Conservatives may have this objection or that when they see a poll with Obama in the lead: They oversampled Democrats! They’re not screening for likely voters! Yet the general picture they are giving of the race seems accurate enough: The president got a bounce from his convention, and a tight race with a slight lead for him has become a tight race with a slightly bigger lead.
The Obama campaign has long been invested in the idea that his reelection is inevitable, and has spun much of a political press happy to agree. (By the way, shouldn’t Democratic press aides be paid at a discount?) So far this effort has not produced any panic or demoralization among conservatives, and we don’t think it will. This magazine believes in preemption, though, so let’s make the case for a measured confidence.
President Obama is running for reelection with an unemployment rate that has not carried an incumbent to victory since the Great Depression. His major policy initiatives — the stimulus bill, the health-care legislation — are so unpopular that he barely mentioned them in his own convention address. The public sees him as well to its left. The opposition has achieved rough financial parity. In key swing states, the president remains below 50 percent — sometimes well below. He has no plan to make his second term a happier one for the country than the first. And Rasmussen shows a bigger national than swing-state bounce for the president; if this is any indication, his bounce is disproportionately happening outside swing states: He has probably made blue states bluer.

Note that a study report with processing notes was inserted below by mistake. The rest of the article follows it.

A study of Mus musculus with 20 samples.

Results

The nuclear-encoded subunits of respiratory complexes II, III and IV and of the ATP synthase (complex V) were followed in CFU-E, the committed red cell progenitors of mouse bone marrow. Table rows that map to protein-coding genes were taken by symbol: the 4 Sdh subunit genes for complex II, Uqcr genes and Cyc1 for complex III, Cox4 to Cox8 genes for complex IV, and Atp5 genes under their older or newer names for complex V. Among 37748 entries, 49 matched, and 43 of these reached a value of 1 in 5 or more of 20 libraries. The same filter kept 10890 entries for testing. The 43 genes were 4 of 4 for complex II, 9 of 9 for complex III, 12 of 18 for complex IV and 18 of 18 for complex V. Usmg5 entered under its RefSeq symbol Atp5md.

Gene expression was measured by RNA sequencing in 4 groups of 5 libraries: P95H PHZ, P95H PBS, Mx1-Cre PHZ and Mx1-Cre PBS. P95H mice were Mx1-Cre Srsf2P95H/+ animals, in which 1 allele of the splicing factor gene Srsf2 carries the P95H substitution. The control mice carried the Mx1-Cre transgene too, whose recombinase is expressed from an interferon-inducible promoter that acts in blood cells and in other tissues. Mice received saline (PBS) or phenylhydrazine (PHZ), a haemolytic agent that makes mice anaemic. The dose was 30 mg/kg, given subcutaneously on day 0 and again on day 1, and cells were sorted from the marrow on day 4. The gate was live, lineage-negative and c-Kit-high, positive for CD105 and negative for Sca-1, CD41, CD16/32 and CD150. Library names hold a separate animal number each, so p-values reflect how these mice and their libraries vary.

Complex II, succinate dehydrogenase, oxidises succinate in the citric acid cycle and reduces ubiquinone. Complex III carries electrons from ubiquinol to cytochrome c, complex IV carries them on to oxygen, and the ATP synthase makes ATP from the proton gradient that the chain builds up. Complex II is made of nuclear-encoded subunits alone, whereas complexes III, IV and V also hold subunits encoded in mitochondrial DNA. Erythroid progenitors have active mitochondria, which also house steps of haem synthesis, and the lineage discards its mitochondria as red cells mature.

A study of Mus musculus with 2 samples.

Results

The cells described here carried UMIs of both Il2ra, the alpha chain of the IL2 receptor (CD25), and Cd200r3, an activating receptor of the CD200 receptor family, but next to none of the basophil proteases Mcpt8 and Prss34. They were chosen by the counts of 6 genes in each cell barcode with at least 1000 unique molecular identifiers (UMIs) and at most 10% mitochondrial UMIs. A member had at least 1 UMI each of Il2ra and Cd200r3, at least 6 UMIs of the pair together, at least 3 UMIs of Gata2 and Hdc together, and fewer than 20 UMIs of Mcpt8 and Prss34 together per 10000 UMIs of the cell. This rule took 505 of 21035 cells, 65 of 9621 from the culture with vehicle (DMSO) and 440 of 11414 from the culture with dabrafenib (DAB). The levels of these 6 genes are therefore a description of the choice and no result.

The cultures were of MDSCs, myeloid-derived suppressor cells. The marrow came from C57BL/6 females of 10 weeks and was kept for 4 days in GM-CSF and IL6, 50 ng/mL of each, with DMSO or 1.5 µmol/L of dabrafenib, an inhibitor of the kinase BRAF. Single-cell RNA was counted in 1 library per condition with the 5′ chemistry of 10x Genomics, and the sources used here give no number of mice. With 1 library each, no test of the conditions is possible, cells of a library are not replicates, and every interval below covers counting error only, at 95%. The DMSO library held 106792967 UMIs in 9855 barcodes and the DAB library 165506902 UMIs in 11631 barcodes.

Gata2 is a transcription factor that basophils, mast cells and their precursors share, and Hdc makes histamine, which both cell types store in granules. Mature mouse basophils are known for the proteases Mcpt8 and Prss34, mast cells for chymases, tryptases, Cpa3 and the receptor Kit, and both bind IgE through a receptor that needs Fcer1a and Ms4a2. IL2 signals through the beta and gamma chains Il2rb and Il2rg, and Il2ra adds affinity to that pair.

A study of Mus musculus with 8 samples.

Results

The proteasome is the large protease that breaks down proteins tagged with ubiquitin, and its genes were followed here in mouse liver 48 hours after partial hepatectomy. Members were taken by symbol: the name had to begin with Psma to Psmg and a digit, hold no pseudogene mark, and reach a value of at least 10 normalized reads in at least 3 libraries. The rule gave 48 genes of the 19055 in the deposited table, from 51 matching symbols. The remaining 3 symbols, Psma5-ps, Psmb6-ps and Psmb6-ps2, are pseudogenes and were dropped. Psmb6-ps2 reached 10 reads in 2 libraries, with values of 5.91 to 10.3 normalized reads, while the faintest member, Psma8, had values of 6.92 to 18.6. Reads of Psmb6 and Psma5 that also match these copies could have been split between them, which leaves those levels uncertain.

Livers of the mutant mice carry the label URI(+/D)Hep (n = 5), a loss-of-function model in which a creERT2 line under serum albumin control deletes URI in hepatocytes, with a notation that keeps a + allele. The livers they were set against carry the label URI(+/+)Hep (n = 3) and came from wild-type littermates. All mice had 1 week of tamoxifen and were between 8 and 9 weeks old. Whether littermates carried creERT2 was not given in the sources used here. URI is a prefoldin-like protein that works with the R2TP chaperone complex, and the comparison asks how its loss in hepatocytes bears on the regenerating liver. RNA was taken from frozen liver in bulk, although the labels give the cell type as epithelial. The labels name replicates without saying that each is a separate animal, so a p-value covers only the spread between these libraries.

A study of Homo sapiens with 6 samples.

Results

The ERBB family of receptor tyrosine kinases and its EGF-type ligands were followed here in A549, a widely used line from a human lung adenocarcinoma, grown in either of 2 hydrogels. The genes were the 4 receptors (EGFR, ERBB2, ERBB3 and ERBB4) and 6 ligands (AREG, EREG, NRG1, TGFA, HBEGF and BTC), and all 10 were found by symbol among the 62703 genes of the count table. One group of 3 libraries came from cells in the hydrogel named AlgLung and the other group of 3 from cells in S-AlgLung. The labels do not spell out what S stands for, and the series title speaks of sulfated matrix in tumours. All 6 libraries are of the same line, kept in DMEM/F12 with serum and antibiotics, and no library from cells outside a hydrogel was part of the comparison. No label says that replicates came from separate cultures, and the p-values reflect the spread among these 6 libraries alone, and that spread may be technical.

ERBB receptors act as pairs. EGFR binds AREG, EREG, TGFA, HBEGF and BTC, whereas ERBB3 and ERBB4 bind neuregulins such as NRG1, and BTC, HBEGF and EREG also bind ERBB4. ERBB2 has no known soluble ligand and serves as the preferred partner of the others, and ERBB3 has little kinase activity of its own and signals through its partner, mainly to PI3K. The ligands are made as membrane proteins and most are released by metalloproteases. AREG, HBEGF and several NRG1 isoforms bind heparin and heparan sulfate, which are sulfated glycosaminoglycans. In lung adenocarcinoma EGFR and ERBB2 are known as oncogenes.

The map is harder for the Republicans than the Democrats — but it also presents opportunities. The Democrats start with more large states. They won so big last time that Romney will have to take back a lot of ground to succeed. Romney is likely to regain the lead soon in North Carolina. Florida now seems to tilt at least slightly Republican: That is, in a competitive national election, all else equal, it will go GOP. Wisconsin, Iowa, Colorado, and New Hampshire all seem to be in play. There are several paths to 270.
The Democrats, it seems to us, made better use of their convention than the Republicans made of theirs. The Republican message, especially in the most-watched addresses, seemed less coordinated, deliberate, and focused. Republicans spent too much time explaining what a nice guy Romney is and how happy he is about female empowerment, and not enough time explaining how he would improve the national condition.
Both party coalitions are strong. In the absence of shocks, presidential races will be tight. The Democratic base vote in presidential elections has been growing for nearly three decades. Obama has the benefit of incumbency — and it is a benefit, even in trying (but non-disastrous) times — and of a public that still has unhappy memories of the Bush administration.
Romney is nonetheless in the hunt, and he may even enjoy the great advantage, in politics as in life, of being underestimated.